Updated: SAT by the numbers with rankings and 2008 data.

Now, when you search for your school here, tech guru Matt Dempsey has added lots of extras, such as your school’s ranking and 2008 results. He’s made it easier to track progress. (He hasn’t left his desk all day. The number crunching is deafening.)

In the national rankings, Georgia is 47th. The only places with lower SAT scores are South Carolina, Hawaii, Maine (where all students take the SAT )  and Washington, D.C.

7 comments Add your comment

Dr. John Trotter

August 25th, 2009
4:33 pm

Maureen: Georgia’s overall ranking hasn’t changed hardly one whit (I guess taht a whit is first cousin to a bit) from its overall rankings 10 or 20 years ago on the SAT. It’s not worth getting all worked up about it. The Law of Large Numbers is for real. Significant changes probably indicate some systematic fudging or cheating taking place. Minimum Foundation, APEG, QBE, A+, NCLB — none of these programs brought about significant changes, although these Georgia programs (and the monies spent in Georgia from the Federal NCLB) cost the taxpayers untold millions and billions. Hire good teachers, allow them to be creative in their teaching, and support them in areas of student discipline. This is the best thing that can be done for the boys and girls in Georgia.

The definition for crazy is doing the same thing and getting the same results. Am I advocating a change in instruction or a change in the curricula or a change in the way the schools are organized or a change in the school schedules? No. As a society, we constantly change things, hoping that these changes will result in genuine student improvement on the SAT and other standardized tests. Do you remember the almighty middle school concept? What about block scheduling? New math? Sight reading? Whole language? Non-graded instruction? We could go on and on. Now the State is coming up with an even more biased and onerous teacher evaluative process which is subject to major administrative abuse. Why? Another attempt to bring about improvement. It’s not going to happen. The Law of the Large Numbers is a law, folk. Somewhat like The Law of Gravity. You have to change either who our students are or drastically change our current students’ attitudes toward rigorous academics. Just legislating more laws or passing more policies without addressing the students themselves is like spitting toward a Tsunami! You just end up with spit all over your face and clothes. But, no, no one wants to blame anything on the students or on their parents. This would not be very political, but it would be the truth. I will continue to quote Dr. Eugene Boyce, one of my professors nearly 30 years ago at UGA: “The motivation to learn is a social process.” It’s a motivatonal breakdown, not a technical breakdown. (c) MACE, August 25, 2009.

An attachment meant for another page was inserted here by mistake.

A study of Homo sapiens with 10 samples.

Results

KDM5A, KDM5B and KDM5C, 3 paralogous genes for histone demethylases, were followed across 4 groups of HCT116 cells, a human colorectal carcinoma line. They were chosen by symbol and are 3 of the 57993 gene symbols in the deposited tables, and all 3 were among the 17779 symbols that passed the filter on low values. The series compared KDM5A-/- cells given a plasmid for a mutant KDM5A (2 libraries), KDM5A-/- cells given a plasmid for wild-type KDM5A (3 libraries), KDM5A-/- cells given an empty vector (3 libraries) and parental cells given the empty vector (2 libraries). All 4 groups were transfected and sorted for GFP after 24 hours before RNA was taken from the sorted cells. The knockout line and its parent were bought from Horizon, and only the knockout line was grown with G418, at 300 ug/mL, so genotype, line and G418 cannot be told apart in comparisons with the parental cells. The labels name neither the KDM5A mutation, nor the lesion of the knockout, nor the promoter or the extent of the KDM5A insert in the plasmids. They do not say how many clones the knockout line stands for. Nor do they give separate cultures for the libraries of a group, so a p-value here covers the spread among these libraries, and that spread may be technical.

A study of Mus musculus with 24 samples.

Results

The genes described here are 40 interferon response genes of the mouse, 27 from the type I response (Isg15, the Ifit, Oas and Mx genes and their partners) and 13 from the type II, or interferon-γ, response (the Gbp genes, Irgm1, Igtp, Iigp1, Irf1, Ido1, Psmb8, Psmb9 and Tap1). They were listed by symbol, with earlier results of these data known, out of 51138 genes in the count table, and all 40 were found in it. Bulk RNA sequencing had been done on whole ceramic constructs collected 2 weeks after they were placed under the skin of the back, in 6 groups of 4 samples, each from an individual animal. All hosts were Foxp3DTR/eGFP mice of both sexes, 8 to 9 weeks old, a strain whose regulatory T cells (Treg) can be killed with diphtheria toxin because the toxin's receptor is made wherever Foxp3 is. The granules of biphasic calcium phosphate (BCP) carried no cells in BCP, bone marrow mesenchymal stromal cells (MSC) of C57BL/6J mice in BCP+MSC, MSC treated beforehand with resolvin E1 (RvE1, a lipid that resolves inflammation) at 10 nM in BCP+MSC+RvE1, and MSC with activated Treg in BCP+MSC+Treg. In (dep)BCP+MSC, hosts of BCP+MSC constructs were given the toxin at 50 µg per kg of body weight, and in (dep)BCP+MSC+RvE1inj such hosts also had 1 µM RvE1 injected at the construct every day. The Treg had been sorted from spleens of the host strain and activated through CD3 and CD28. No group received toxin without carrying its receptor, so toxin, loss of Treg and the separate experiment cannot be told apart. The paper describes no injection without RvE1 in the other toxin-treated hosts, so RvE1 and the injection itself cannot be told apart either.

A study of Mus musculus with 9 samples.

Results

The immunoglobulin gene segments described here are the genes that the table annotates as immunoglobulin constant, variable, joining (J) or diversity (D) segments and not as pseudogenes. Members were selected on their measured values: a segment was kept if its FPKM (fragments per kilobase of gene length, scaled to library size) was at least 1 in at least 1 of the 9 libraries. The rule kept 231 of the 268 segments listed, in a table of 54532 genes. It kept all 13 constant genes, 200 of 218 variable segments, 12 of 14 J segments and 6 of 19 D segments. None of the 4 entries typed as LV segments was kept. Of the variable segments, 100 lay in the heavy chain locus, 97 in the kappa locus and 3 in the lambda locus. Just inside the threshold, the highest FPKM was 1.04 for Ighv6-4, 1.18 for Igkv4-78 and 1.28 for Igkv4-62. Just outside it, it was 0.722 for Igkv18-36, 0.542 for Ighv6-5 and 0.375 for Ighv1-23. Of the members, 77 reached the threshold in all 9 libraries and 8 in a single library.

August 25th, 2009
5:57 pm

While Matt is crunching those numbers…I heard on NPR today that 71% of Georgia students take the SAT, and I believe they said that the other states averaged only 47% of their students taking the test…

If we just looked at the top 47% of Georgia’s students, how would that compare with other states?

Poor Zell...

August 25th, 2009
7:05 pm

This state is ranking close to last because of the preponderance of really stupid, ignorant people who live in this state. Let’s face it folks–most of you and your kids are dumb. Rednecks.


August 25th, 2009
7:21 pm

Either I used a trigger word, or Maureen got mad at my snarky comment yesterday….none of my posts are showing up.


August 25th, 2009
7:22 pm

Ok, must not have been the snark…. :-)

Maureen's accountability metric

August 25th, 2009
7:25 pm

Support teachers is areas of discipline Dr. Trotter? But that’s really not a problem; as Maureen has told us, “there’s no data” to support the contention that teachers aren’t getting the support they need.

Nevermind that her very own paper has run multiple stories of whole school systems manipulating data to minimize the very discipline problems you refer to.

Dr. Trotter is it possible that you, the numerous AJC reporters, the hundreds of thousands of teachers who leave the profession every year and the one in ten urban teachers who have reported being physically assaulted by a student are all just wrong?

Just plain wrong?

Or does Maureen simply have more faith in school officials and their “data” than she does the AJC reporters and their good old fashion investigative reporting? Must make for some uncomfortable moments at the AJC Christmas party, knowing one of high and mighty coworkers from the editorial page shows such open contempt for your work that they repeatedly choose to ignore it.

But enough of such talk; let’s have some data about the data!


August 26th, 2009
1:17 am

ScienceTeacher671 – Your observation is precisely the point I try (and generally fail) to make every year around this time.

Last year, there were 29 states with a participation rate under 50 percent. Of these 29 states, 27 had scores above the national average.

On the other side, 21 states and DC tested over half the student population. Of these 22 school systems, only 7 had scores above the national average.

Although “self-evident” is largely lost on the public, it’s nice to know I’m not alone.